Stephen Ellis

May 3, 2016

Some have referred to her as the Canadian Rosa Parks. But Rosa Parks could be called the American Viola Desmond. On Friday, November 8, 1946, nearly a decade before Rosa Parks sparked the Montgomery bus boycott, Viola Desmond became a symbol of resistance to racism in Nova Scotia.

While driving through New Glasgow, Nova Scotia, her car broke down and she decided to take in a movie at the Roseland Theatre while it was being repaired.

Desmond went into the theatre and asked to buy a downstairs ticket. The cashier, however, sold her a balcony ticket and gave her change. As she proceeded downstairs, the white ticket taker told her that she would have to go up to the balcony. Confused, Desmond returned to the cashier and asked to be given a downstairs ticket. The white cashier stated, “I’m sorry but I’m not permitted to sell downstairs tickets to you people.”

The cashier never used to the word “Black,” “Negro” or “colored, ” but Viola Desmond knew exactly what was meant by “you people” and proceeded back into the theatre to sit in the partially-filled downstairs section of the theatre.

Soon, the theatre manager confronted her in the theatre. She politely, but firmly, asked him to provide her a proper downstairs ticket as she would not be able to see very well from the balcony. The angry manager went off to find a police officer. 

The state

As Viola Desmond wrote of the incident: “The policeman grasped my shoulders and the manger grabbed my legs, injuring my knee and hip. They carried me bodily from the theatre out into the street. The policeman put me in a waiting taxi and I was driven to the police station.” She spent the night in the jail.

The next morning she was brought before the magistrate. She had no lawyer, was not told of her right to seek bail or request an adjournment, and was not given the chance to cross-examine the three white witnesses at her trial. She was convicted of having violated the Theatres, Cinematographs and Amusements Act by not paying the price differential between the balcony and the lower seats. It was clear to all to see, however, that this was an incident where the state had again chosen to use provincial legislation to enforce racially discrimination in Nova scotia. She was fined $26 and had to pay it forthwith or risk spending a month in jail.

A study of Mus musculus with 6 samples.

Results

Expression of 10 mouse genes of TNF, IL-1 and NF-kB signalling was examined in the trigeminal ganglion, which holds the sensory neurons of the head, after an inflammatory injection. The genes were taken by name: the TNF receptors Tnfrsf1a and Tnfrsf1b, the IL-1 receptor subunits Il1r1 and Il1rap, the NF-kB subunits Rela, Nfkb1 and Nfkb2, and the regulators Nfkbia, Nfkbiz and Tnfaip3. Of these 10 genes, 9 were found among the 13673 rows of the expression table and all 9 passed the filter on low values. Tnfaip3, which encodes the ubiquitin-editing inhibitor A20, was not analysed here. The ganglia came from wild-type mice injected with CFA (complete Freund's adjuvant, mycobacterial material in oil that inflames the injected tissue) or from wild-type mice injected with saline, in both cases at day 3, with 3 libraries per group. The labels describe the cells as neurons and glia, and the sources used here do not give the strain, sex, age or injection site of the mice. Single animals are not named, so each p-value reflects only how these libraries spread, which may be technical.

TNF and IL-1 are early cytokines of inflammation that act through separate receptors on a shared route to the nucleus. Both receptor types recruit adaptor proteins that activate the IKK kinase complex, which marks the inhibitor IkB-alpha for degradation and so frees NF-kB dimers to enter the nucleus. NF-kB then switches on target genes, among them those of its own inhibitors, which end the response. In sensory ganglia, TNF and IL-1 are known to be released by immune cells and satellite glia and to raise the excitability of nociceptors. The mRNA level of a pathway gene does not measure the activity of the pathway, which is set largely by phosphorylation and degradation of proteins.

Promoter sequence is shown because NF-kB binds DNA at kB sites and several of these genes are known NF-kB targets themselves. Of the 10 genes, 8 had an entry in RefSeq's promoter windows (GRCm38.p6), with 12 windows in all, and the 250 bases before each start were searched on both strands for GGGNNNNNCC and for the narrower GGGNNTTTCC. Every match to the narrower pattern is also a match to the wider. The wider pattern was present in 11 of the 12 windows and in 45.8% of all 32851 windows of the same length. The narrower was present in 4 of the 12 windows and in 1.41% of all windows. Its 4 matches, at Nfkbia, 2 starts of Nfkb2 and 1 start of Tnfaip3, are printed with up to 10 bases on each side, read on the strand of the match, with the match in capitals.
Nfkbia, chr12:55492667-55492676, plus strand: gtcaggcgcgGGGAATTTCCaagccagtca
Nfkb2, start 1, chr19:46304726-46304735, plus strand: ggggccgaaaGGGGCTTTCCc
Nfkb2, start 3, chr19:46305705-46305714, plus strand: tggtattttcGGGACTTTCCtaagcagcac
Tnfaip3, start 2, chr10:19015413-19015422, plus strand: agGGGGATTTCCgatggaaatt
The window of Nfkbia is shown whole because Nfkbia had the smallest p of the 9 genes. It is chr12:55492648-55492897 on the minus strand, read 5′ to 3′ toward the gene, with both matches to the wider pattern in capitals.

This was not the first time the Roseland Theatre was the centre of legal controversy. In 1942, Carrie Best brought a civil suit against the theatre for its racist seating policy. She lost the case and was forced to pay the theatre $156.07 in legal costs. 

Influence and legacy

Viola Desmond believed that Black women should not have to be relegated to domestic work. She operated her own hair salon and inspired other Black women to follow an independent path. Accordingly, some saw her as an inspiration; others, a troublemaker.

Many noted activists took up her cause, including Pearleen Oliver, who convinced the Nova Scotia Association for the Advancement of Coloured People (NSAACP) to provide legal and moral support. Eventually, she challenged her conviction to the district court of Nova Scotia but justice there too was nonexistent.

Viola Desmond died alone in her apartment in 1965. The passage of time, however, had not dampened interest in the Roseland Theatre incident. Over the decades, activists in the Black community continued to insist that the injustice of her conviction had to be addressed.

Finally, in 2010, The Royal Prerogative of Mercy Free Pardon was declared in a ceremony at Province House. This was a free pardon – a signal that the original conviction was a miscarriage of justice. A stamp featuring Viola Desmond was unveiled in February 2012.

Black Lives Matter

As Graham Reynolds, author of Viola Desmond’s Canada: A History of Blacks and Racial Segregation in the Promised Land writes, “We have felt a sense of moral superiority with the Americans because of the extent of the problem in the United States. We look south and see violent racism and we are shocked. But if we have a close look at our own history, we have the same problems...In general, Canadians are not willing to accept the reality that we had racial segregation. It wasn’t enforced in the same way it was in the U.S. with Jim Crow laws. But in some ways it was worse. There was a practice of racial segregation quietly enforced by theatres, hotels, restaurants...In Canada, we don’t talk about these problems but they are quietly under the surface.”

For many struggling against racism in Nova Scotia, the Roseland Theatre incident was just one of many indignities suffered by Black Nova Scotians over the decades. With wounds like destruction of Africville still fresh in mind, Black Nova Scotians and their allies can take pride in the courage and audacity of a “troublemaker” like Viola Desmond. Seventy years after Viola Desmond’s fight against segregation, the fight against anti-Black racism continues, through movements like Black Lives Matter that are challenging carding and police violence.